Sunday, October 26, 2014

Two Exquisite Repeaters: Foreign and Domestic

Recently, through a blog posting by the Gevril Group showcasing the Ferrangamo Buckle 2014 Christmas Edition Watch Collection, I discovered the French term, guilloche, an ornamental turning process popular with woodworkers and metal engravers over the centuries. At the heart of the guilloche design process is the creation of repeating, intricate geometric intertwining of lines on an object. This is done through an engine turning process which can cut a myriad of geometric patterns in a rotating metal surface using a stationary cutting tool called a "rose engine." A similar type of engraving can be done with a straight-line engine when vertical or horizontal patterns are desired.

Most watch aficionados associate the term “repeater” with a complication using sound not sight. A watch repeater allows the wearer to tell time by sounding the last hour and quarters and minutes at will.  No need to look at the dial—your ear tells you the time. However, in this blog, I’m highlighting two companies, one foreign and one domestic that are using guilloche to add distinctive finishing background beauty to their watch dial and component designs. 

First, Salvatore Ferrangamo.  Ferragamo, with headquarters in Florence, Italy has been known for decades as a worldwide fashion taste maker.  Perhaps best known for its founder’s reputation as a master shoe designer for early Hollywood stars and such innovative shoe designs as the cork wedge, the invisible sandal and the caged heel, the company also now occupies a significant fashion niche in the affordable luxury watch market. 

Ferrangamo introduced its first timepiece in 2007 and now has 14 distinctive collections.  The one collection that I particularly like is the Buckle Watch Collection which debuted at Baselworld earlier this year. It predominantly incorporates guilloche as its visual Pièce de résistance and is a tantalizing complement to its asymmetrical dial and case shape of Ferragamo’s distinctive, trademarked  Gancino hook.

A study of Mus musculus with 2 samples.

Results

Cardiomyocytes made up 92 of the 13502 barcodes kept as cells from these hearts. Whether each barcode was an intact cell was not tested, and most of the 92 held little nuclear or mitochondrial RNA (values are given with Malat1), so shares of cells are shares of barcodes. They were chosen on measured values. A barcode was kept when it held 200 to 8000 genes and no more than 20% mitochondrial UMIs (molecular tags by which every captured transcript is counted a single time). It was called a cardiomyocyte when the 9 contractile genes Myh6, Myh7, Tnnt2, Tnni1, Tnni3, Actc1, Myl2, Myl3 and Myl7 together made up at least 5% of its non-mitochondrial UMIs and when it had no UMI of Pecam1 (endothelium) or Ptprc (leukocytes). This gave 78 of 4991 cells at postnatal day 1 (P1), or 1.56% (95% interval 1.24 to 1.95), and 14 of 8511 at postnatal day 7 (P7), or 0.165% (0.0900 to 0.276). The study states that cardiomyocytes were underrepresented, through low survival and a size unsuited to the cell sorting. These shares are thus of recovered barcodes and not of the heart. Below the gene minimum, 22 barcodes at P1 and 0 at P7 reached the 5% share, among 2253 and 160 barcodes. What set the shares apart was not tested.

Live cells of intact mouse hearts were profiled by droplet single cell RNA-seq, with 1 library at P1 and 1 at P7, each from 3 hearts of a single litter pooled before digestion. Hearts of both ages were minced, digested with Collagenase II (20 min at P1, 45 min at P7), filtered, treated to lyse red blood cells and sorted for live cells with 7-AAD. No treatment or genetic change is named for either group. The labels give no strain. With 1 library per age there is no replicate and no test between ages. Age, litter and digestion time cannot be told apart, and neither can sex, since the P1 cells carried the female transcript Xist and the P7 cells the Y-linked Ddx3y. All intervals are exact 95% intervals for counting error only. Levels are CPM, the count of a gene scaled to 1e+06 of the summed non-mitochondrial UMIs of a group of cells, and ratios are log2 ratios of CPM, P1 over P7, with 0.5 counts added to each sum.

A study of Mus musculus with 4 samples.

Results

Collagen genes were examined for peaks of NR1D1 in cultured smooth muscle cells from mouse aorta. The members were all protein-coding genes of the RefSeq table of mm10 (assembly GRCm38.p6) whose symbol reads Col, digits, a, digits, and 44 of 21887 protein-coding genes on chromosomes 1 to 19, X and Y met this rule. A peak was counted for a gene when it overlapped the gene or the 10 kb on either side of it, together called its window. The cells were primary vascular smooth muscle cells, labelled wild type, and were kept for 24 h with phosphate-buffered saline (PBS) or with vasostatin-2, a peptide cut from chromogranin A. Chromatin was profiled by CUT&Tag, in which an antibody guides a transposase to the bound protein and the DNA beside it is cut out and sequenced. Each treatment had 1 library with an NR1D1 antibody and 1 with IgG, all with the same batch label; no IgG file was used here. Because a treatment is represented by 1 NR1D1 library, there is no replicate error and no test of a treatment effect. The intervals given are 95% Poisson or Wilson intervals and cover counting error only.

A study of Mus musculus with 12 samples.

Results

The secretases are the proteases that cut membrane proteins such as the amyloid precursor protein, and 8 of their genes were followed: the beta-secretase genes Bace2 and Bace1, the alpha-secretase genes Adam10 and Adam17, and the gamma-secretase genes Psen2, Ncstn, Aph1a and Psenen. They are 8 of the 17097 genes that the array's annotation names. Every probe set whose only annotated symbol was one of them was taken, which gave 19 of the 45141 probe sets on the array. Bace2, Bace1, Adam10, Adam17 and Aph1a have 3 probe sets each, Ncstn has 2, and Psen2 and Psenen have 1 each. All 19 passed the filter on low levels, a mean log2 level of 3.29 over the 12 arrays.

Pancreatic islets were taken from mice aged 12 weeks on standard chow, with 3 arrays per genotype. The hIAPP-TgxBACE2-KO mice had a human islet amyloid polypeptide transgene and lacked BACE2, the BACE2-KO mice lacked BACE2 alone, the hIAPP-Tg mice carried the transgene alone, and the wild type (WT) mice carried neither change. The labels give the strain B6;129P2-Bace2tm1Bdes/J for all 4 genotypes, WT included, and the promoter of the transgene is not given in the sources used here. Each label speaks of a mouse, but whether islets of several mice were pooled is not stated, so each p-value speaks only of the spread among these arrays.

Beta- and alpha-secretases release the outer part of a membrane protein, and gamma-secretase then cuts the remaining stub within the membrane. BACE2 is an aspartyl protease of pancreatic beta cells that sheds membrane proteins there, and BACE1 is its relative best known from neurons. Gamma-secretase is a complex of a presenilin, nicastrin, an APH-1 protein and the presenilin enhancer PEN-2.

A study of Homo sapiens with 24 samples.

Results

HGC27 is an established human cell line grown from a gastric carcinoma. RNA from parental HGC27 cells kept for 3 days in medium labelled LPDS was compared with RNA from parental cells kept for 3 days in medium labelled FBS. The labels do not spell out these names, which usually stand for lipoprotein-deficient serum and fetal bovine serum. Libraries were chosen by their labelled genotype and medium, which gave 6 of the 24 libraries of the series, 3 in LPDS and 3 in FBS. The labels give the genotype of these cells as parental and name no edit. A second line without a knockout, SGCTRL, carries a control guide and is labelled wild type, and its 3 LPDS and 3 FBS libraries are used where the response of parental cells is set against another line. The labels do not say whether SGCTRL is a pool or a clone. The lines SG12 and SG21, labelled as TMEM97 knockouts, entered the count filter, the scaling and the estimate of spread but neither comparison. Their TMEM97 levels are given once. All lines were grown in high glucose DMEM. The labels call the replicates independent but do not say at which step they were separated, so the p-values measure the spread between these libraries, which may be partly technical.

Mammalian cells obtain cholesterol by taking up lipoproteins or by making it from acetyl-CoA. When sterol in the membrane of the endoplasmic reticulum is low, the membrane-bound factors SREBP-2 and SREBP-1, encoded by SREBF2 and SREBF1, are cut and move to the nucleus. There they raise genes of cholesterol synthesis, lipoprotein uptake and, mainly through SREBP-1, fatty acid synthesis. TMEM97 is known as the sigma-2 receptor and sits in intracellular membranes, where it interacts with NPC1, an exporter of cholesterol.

For the holidays, the 2014 Christmas Collection with its guilloche design reminds me of contemporary fir tree tepee-silhouettes growing upright and side-by-side in a futuristic forest ready to be harvested and ultimately trimmed in a family’s living room.   The dial bursts with vibrant, Christmas ornament color. Four genuine diamond indices sparkle at 12-3-6- and 9 o’clock.  It comes with fuchsia or red vegetable tanned calfskin wrapping straps – or if you prefer, Ferrangamo’s classic beige leather. The Gervil Group  is the US and Caribbean agent for Ferrangamo time pieces.

Ferrangamo Buckle 2014 Christmas Edition Watch Collection


Second, RGM Watches.  For the domestic bespoke among us or just bloggers like me fascinated by elegance and its technical back story, the RGM Watch Company, founded in 1992 by American watchmaker Roland G. Murphy is a
guilloche crafting powerhouse.  Located in the small borough of Mt. Joy, (Lancaster County), Pennsylvania --Amish country America -- the firm prides itself as a place where “modern manufacturing co-exists with antique, hand-operated machinery.”
  
This is true when it comes to its engine turning craftsmanship by which it finishes watch parts including cases, dials and movements. Additionally, it can integrate stunning guilloche patterns in its timepieces for individual customers.
The following images of its guilloche gallery are taken from its website and illustrate its amazing engine turning technical and creative design virtuosity.

 





 Also, RGM offers one of my favorite watch videos on the engine turning process.


 

Just a quick professional endorsement for Roland Murphy.  He’s been a member of  the National Association of Watch and Clock Collectors (NAWCC) since 1981, an association that I am also a member! Through a recent hosting and tour of his clients and press at the National Watch and Clock Museum in Columbia, PA he was able to help with a donation of over $2,000 to the museum.

Watch my blog for more postings on timely philanthropic contributions both large and small.  A posting series called, Giving Time is in the works.